T Model Ford and Gravel Road
Plug T Model Ford's newest CD into your iTunes player and the genre tab comes up “Religious.”
That's partly true. When Ford played Billings in 2005 during the short-lived Frostbite music festival, the ancient Mississippi bluesman earned some new worshipers among the more than 1,300 who attended.
Just how ancient the electric guitar player is, however, even he's not sure. He figures he's about 90 by now.
In Billings, Ford sat through his set, sharing the stage with a lone drummer, and urging the audience, unnecessarily it turned out, to “shake what you got.”
On “Taledragger,” he's backed by band members who are a third his age, all of them steeped not only in the blues, but grunge and trippy psychedelia.
It's a weird and winning fit.
On the rambling seven-minute opener, “Same Old Train,” Ford's voice is slightly cooked through the amps, improvising lyrics about his “big-legged woman” under the band's fuzzy backup. The shuffling “I'm Coming Home” adds baritone sax.
Then it's back to Woodstock and early electric Dylan with several cuts heavy on the wah-wah guitar, barrel house piano and heavily reverbed vocals. It's an energizing twist on traditional blues.
Things settle down slightly for the last two cuts, pushing Ford's fine, ragged vocals and guitar way out front for “Little Red Rooster” and “Red Dress.”
“Tomorrow the Green Grass: Legacy Edition”
“Hollywood Town Hall: Legacy Edition”
You have free articles remaining.
Just when you think the Jayhawks' vault had already been whisked clean, out comes the release of the missing album fans have considered the holy grail.
Tacked onto the two-CD reissue of 1995's “Tomorrow the Green Grass,” which features three previously unreleased cuts of its own, is the 18-track “Mystery Demos.”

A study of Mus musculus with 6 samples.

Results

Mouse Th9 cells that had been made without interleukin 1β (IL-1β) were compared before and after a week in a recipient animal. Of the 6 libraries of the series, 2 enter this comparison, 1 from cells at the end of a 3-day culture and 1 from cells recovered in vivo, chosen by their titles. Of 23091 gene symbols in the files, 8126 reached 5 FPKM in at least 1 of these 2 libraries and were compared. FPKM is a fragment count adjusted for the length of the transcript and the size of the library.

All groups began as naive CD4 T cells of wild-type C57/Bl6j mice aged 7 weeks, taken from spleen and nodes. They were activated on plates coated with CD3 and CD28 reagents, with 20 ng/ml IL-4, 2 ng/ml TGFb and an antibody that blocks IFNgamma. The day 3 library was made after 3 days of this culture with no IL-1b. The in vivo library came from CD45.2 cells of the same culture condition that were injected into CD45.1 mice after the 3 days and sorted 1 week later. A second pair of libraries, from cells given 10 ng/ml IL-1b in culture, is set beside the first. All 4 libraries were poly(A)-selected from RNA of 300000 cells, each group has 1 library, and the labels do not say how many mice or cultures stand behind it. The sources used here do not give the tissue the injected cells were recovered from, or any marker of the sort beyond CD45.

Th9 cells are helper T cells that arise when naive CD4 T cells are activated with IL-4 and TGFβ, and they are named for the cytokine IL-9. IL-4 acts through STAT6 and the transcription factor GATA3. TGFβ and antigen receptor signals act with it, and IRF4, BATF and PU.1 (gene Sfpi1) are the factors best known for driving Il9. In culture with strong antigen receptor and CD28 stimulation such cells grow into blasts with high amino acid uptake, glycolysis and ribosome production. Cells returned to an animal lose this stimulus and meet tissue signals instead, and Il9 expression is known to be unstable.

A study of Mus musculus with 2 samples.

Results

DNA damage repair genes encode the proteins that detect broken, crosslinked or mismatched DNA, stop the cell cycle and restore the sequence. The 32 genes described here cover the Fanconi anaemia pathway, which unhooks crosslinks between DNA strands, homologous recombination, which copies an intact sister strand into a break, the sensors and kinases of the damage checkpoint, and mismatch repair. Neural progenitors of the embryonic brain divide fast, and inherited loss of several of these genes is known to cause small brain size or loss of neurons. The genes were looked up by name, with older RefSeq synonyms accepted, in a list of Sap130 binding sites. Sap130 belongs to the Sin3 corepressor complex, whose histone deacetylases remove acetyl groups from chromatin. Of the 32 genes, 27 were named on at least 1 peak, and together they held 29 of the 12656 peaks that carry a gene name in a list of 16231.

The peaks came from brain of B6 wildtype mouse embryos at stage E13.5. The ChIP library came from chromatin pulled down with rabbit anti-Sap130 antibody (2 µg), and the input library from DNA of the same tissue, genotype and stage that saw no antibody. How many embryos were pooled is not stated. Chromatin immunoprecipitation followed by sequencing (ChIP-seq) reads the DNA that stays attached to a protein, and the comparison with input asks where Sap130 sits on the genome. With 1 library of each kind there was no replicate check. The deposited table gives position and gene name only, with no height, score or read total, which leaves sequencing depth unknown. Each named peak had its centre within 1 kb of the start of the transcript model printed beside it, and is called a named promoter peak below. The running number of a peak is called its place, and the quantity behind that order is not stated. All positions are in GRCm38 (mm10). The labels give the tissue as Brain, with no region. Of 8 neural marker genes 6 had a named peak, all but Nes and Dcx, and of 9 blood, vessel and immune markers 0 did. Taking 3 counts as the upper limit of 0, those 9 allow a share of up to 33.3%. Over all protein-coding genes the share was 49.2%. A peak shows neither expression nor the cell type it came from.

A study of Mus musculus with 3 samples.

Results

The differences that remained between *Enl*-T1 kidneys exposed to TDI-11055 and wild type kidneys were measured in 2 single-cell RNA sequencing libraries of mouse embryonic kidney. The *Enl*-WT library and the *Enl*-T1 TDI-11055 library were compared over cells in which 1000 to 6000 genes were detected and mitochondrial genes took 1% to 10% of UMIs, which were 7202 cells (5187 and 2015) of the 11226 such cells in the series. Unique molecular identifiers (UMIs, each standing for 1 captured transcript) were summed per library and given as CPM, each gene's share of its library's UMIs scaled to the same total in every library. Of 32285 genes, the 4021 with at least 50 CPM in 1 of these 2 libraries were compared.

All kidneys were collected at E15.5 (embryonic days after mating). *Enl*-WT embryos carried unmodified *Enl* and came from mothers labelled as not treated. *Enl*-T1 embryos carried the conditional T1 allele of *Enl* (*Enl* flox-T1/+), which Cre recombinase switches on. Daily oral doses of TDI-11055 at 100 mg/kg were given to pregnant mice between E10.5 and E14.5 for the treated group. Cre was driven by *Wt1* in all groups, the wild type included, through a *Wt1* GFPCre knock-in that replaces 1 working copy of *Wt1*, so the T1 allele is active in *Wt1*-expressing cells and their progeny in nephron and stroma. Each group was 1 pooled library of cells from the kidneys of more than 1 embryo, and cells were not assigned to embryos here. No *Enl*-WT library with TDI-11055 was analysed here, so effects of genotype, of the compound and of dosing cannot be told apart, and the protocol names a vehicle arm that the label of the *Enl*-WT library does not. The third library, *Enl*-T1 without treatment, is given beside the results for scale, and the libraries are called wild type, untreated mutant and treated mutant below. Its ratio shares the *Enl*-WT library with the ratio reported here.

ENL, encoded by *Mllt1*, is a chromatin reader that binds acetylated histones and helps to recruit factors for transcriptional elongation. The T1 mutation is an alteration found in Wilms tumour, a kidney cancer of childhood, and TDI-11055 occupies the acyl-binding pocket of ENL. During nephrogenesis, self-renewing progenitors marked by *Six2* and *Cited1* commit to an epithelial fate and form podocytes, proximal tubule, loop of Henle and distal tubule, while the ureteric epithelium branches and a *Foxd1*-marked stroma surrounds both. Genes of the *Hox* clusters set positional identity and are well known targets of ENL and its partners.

Legend has it, Jayhawks founders Mark Olson and Gary Louris recorded as many as 46 demos over two sessions a half year apart in 1992. Eleven of those songs were eventually cut by the Jayhawks. Another 11 were used on solo and other non-Jayhawks projects such as Golden Smog.
That leaves 22 songs unreleased, with 18 of those appearing here for the first time.
And sure, the acoustic “Demos” aren't exactly a Jayhawks best-of compilation. The best of the songs were picked off long ago. What is does show is how deep the songwriting talent was for that duo, and how naturally captivating their lonesome harmonies could be. The tracks also show how much of an influence the pair had on the fuzzed-out, cosmic country rock revolution, with its 400 Uncle Tupelos, that was to follow.
The “Hollywood Town Hall” re-issue adds five cuts that betray the intentionally sober tone of the 1992 original. “Keith and Quentin” is a Southern boogie while “Up Above My Head” is a twangy, gospel hand-clapper.
“Tear the Fences Down”
The Eulogies, as their name suggests, have a tendency to take on a somber tone now and then.
For their third album, band leader Peter Walker has written a suite of songs as a tribute to a friend's 6-year-old son who died recently of cancer.
As sad as the topic is, the album is far from a downer. As always, guitarist/vocalist Walker has a knack for the lighthearted hook and knows when to lighten the mood with lots of hand-clappy rhythms and jangly piano runs.
The opener, “Out of Style, Out of Touch,” is driven by a high school marching band drum beat. “We'll find out what's left in us to celebrate,” Walker sings in his high, keening wail.
The title cut, the band's first single, is a short, sunny invitation to keep picking yourself up.
Unlike so many eulogies, there isn't a note of falseness to this project. It closes with the driving “Little Else to Say,” “You're gone, you're gone, you're gone/ But, you live on and on,” Walker sings.